Your Fans Hate You: Why Your Social Strategy Needs a Strategy

It might seem like an oxymoron to say that your fans hate you. But, think about it. Do you drive your friends crazy sometimes? Of course! Hopefully you’re fortunate enough to have the kind of friends who stick with you through thick and thin, the kind that forgive you when you’ve had a bad day, and celebrate your weirdness with you.

However, your fans on social media probably aren’t quite as forgiving. While they may truly love your brand, your product, or your service, when you behave badly, they aren’t as likely to cut you a break. In fact, they may just walk away and not even tell you why.

Today, let’s talk about what your fans are saying behind your back. The things that are driving your social followers nuts. And we’ll talk about how to fix your reputation with a few good social strategy moves.

Your Social Strategy Overhaul: 4 Things That Drive Your Fans Nuts

social strategy#1: You Post Sporadically

Your fans may love your posts… if they saw them. However, you’re posting to Facebook 5 times in one day and then go dark for several weeks. This doesn’t exactly scream stability. It says “We’ll get to you when we get to you. And if we feel like it.”

The Fix: Use a scheduler like Coschedule or Hootsuite to capitalize on your time during the days when you’re feeling particularly social.

#2: You’re a Bit Selfish

You have the coolest tool in your industry. And you let everyone know it.

No one likes to hang around someone who only talks about themselves, even if they seem super cool. If you’re only posting your own content, you’re showing your fans that no one else matters.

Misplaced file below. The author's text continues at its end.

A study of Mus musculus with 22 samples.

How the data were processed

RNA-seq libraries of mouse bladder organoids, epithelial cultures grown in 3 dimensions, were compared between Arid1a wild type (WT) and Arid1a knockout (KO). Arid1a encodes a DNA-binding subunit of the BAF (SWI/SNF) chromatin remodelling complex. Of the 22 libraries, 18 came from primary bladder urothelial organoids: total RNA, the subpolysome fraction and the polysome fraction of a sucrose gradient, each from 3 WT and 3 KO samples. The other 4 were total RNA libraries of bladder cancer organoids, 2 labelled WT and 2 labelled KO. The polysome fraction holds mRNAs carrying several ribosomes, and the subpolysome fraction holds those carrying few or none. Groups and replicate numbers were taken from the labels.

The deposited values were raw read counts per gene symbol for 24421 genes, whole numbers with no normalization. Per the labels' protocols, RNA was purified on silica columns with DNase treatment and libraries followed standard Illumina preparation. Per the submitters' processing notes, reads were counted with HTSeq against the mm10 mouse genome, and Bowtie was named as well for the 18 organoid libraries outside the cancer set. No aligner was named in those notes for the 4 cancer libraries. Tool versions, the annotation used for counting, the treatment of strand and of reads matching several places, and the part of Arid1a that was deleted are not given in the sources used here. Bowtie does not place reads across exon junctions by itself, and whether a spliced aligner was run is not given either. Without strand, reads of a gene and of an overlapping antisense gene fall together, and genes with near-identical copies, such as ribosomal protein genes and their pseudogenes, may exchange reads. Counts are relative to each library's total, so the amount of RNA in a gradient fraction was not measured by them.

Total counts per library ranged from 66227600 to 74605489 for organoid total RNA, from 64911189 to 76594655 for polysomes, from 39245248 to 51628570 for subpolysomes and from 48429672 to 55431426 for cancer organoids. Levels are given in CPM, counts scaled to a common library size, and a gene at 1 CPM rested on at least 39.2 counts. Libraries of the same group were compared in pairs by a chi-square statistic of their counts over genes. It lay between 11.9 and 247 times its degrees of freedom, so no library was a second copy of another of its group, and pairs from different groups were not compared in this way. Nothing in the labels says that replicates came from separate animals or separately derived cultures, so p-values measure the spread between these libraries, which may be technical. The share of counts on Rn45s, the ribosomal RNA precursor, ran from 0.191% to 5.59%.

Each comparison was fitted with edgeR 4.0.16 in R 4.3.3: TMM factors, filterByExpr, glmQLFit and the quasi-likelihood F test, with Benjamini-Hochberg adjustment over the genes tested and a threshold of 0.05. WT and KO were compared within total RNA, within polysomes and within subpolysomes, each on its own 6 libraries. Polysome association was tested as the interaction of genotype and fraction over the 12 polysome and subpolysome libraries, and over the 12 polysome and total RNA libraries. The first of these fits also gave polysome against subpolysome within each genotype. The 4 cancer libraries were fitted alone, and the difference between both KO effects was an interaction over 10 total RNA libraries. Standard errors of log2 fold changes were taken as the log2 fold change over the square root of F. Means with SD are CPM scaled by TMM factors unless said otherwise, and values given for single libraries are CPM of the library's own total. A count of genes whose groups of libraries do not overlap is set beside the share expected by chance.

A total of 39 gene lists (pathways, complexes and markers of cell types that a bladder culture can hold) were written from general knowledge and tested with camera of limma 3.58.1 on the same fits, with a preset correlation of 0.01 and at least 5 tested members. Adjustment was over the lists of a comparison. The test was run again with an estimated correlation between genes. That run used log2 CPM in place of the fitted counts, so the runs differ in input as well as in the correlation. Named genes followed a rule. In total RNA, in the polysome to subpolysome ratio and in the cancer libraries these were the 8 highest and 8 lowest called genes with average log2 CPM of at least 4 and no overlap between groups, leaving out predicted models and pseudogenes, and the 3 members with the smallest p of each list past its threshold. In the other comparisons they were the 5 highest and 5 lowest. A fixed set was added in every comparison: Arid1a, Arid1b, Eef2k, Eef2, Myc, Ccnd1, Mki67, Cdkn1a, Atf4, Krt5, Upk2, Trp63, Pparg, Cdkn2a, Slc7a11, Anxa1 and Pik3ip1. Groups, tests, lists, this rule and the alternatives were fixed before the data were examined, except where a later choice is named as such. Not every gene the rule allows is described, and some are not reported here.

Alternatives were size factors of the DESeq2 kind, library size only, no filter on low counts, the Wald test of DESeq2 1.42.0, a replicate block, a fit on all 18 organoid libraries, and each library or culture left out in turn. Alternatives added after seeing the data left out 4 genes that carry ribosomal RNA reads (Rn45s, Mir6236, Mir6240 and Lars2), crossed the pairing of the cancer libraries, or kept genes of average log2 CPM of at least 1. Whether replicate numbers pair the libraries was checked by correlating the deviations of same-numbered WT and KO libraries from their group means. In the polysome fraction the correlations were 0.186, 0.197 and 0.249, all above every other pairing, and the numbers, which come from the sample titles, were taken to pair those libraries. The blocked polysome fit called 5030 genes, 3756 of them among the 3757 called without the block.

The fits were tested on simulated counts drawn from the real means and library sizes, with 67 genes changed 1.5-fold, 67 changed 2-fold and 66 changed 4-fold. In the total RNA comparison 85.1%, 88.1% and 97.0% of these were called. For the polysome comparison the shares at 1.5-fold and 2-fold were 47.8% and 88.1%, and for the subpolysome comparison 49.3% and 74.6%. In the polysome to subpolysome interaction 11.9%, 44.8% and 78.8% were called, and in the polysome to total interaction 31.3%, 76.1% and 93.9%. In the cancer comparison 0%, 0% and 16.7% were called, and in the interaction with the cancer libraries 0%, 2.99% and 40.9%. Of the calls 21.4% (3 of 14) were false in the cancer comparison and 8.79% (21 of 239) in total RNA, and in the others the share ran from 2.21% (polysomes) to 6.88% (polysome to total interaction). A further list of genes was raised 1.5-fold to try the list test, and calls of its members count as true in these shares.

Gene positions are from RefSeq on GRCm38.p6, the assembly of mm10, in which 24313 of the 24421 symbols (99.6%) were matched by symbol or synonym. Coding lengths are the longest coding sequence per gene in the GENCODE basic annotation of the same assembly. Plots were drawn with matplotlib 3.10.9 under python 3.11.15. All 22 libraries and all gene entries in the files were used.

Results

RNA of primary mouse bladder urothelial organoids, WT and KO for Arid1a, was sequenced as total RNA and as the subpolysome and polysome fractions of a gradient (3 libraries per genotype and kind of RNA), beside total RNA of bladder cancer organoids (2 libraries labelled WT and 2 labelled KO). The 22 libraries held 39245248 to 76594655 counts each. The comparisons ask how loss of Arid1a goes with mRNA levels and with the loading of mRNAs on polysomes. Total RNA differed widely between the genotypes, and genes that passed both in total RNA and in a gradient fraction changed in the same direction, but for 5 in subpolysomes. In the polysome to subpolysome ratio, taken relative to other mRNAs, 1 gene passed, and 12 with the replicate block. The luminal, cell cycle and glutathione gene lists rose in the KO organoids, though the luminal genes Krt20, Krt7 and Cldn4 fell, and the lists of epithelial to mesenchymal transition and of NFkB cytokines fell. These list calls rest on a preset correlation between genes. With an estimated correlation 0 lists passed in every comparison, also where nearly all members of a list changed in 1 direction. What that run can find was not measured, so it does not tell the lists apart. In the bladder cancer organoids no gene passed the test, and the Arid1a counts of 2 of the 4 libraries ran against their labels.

The Fix: Social media is all about being social. And not just with those who will give you money. So get out there and make friends with the competition and with related industries. Start group boards on Pinterest, converse with others who have related content on Twitter. Just be social!

social strategy#3: You Spam

You’re at a trade show and you want to share every detail of your experience with your fans. But…

Nothing gets rid of fans quicker than having to scroll through 7 of your Instagram posts before they get to view something else. It’s annoying when your friends do it. It’s even more annoying when brands do it.

The Fix: This goes back to our scheduler. If you have a lot to share, put your posts in a queue to uploaded at scheduled intervals. Here’s a tip: Schedule posts on LinkedIn no more than once per day, twice for Instagram, three or four times for Facebook. Post away on Twitter!

social strategy#4: You Don’t Keep in Touch

Even assuming you post at the proper intervals, share the right content, and don’t spam your fan’s feeds, you can still be annoying them if you never engage with them.

As I was recently pursuing the “interweb” for an embeddable online calendar, I landed on a site that looked like it had a promising solution. I just had one question. Lucky me, a chat pop up window appeared and asked if I wanted help. Why, yes I did. I posed my question, and then there were crickets chirping for several minutes. Guess what? I didn’t buy it.

The lesson? While your fans may not expect an immediate response, they do want response. And they don’t want to wait several days for it.

The Fix: If you don’t have time to personally answer comments on social, delegate access to your account to someone who can. You don’t have to respond to every single comment. Some may just warrant a reaction on Facebook. However, you want to be an interactive as possible across all platforms.

Alternatively, a robust CRM, like HubSpot, will allow you to see and respond to interactions across all of your social platforms.

So, the lesson is — don’t be that guy. Play nice with your fans and they will continue to love you for it!